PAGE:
Terry Sheehan, Liberal candidate for Sault Ste. Marie, seeking re-election on strength of the steel industry
All candidates from the other major federal parties are first time politicians
After a strong victory in 2015, Terry Sheehan, Liberal Party candidate for Sault Ste. Marie is hoping that recent announcements for the local steel industry can propel him to another term in office.
After lobbying the Liberal caucus to accept that the steel industry in Sault Ste. Marie was important to Canada, Sheehan says that he was able to gain the support of Justin Trudeau and work with cabinet ministers to attack this issue from a number of sides.
They worked to prevent steel dumping in Canada by China, encourage investment in the sector and resolve the tariffs imposed by U.S. President Donald Trump in 2018.
Those are some of his most proud moments in office, Sheehan says.
When it comes to environmental issues, Sheehan thinks that the Liberal Party is in the best position to balance economic development and environmental protection.
"Because we always see those two issues as not separate, that is, being hand in glove. We have to have a strong environment, we have to have a strong economy, and we feel we can do both," he said.
In May, NORONT Resources announced that Sault Ste. Marie had beat Timmins, and been selected as the site for the company's new ferrochrome processing facility.
Public Health Ontario released a report in 2015 noting that products produced by such a facility could be harmful to humans.
"There is a lot of work still to be done," Sheehan said of plans for the facility, "including a robust environmental assessment federally and provincially, which I am committed to. Plus consultation with First Nations."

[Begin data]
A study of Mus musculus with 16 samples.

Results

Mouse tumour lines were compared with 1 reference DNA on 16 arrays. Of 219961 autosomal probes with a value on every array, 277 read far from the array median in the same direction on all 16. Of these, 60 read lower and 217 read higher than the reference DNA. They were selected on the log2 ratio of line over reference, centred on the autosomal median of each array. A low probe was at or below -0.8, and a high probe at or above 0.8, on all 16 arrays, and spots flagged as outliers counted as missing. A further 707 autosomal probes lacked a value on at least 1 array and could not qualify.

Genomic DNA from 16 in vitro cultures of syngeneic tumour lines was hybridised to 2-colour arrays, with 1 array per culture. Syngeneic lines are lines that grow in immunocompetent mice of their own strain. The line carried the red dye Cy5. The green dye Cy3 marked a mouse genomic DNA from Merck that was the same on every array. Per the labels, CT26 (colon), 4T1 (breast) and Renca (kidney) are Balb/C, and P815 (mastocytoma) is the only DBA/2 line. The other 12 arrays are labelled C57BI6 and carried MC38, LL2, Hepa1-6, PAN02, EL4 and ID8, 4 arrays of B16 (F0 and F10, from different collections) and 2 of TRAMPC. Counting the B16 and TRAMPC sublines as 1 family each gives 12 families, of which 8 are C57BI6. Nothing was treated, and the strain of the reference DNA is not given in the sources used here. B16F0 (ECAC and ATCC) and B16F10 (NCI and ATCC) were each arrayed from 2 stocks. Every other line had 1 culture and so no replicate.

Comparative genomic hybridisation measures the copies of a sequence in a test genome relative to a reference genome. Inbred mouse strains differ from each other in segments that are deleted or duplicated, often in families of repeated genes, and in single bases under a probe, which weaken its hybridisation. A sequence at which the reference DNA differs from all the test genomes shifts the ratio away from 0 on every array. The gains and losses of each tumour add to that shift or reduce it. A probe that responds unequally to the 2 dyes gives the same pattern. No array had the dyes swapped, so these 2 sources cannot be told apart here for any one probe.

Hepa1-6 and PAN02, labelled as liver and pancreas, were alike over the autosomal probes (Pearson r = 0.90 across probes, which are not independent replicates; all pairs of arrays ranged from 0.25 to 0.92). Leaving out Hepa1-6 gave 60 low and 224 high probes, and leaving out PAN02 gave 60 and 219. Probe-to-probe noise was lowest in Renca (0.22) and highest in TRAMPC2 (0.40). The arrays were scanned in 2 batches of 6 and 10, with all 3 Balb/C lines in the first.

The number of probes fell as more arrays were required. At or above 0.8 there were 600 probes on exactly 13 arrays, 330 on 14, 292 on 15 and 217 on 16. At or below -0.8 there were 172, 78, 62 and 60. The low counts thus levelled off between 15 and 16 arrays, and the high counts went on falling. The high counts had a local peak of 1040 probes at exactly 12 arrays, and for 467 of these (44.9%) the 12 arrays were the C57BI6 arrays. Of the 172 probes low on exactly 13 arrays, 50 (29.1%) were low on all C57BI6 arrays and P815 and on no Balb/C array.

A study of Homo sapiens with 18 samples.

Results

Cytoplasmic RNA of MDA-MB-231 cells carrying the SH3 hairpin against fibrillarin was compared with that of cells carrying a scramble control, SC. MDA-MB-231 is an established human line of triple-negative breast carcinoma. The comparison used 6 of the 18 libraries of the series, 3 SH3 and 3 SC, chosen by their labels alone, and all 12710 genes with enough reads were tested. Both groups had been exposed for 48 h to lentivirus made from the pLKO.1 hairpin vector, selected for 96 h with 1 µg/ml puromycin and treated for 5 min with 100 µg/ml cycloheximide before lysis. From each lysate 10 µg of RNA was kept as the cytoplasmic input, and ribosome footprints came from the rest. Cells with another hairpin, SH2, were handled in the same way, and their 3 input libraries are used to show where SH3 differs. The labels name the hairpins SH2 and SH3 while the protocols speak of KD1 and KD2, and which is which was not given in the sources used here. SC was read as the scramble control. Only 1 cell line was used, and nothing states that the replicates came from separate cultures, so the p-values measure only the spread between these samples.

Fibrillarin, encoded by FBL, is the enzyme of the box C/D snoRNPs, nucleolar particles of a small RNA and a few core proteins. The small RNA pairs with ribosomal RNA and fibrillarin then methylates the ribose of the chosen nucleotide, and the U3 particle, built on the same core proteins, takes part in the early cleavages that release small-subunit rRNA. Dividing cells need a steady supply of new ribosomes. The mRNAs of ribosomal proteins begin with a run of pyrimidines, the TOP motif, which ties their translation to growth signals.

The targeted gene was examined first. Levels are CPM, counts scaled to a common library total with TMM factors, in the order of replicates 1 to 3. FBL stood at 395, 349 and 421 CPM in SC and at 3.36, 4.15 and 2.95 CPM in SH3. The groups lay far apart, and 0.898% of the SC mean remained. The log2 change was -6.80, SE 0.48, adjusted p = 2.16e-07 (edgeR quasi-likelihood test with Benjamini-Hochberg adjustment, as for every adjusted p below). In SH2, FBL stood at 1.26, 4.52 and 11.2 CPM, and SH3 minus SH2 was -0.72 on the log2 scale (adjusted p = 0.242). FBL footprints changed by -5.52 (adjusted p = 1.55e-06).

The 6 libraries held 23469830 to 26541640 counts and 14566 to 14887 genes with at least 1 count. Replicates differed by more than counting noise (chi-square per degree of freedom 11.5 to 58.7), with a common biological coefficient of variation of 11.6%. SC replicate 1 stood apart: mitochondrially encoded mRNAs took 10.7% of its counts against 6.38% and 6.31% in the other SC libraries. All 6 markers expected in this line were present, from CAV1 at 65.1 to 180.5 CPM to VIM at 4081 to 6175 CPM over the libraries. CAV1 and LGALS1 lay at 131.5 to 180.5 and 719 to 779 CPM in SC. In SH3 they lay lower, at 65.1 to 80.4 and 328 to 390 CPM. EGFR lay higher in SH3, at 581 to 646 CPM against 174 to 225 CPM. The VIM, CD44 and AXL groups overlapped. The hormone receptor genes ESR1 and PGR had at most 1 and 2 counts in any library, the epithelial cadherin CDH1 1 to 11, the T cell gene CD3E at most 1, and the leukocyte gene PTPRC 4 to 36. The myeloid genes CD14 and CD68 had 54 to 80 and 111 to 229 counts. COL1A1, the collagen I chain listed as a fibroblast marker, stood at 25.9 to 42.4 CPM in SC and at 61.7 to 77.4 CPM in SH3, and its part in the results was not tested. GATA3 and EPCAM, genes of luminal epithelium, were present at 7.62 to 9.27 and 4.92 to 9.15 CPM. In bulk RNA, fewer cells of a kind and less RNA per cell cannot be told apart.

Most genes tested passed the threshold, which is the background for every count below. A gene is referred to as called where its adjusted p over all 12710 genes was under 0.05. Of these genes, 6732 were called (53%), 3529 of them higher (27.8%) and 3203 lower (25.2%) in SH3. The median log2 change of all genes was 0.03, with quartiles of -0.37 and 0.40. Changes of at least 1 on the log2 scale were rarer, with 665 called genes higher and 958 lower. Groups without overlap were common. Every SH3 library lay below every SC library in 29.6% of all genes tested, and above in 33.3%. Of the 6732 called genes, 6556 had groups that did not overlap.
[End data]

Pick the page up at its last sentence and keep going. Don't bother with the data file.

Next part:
"That has to be done, and other parties don't have the same record that we have."
Another focus for Sheehan has been youth employment.
He put forward and was able to pass a private members bill which improved situations for individuals who engage in precarious work, he says. Adding that those engaging in precarious work are largely youths.
The Liberal Party's summer jobs program is another accomplishment that Sheehan says he is proud of.
For northern Ontario "youth retention and migration is critical," he said, "it's a known fact that those folks who can't get a job for the summer are going to put down roots," in Toronto or Ottawa or any city where they are going to school.
"In Sault Ste. Marie and northern Ontario the number one thing I'm hearing at the door, to be quite honest, is about jobs and the economy."
When asked if whether recent issues with Liberal Party leader Justin Trudeau would cause any problems with the campaign in Sault Ste. Marie, Sheehan dodged the question.
"I've been a Liberal all my life, I've been involved in multiple elections. Even people in the opposition that I talk to briefly and have a cup of coffee with or whatever, they note that the Prime Minister is probably the best campaigner out there."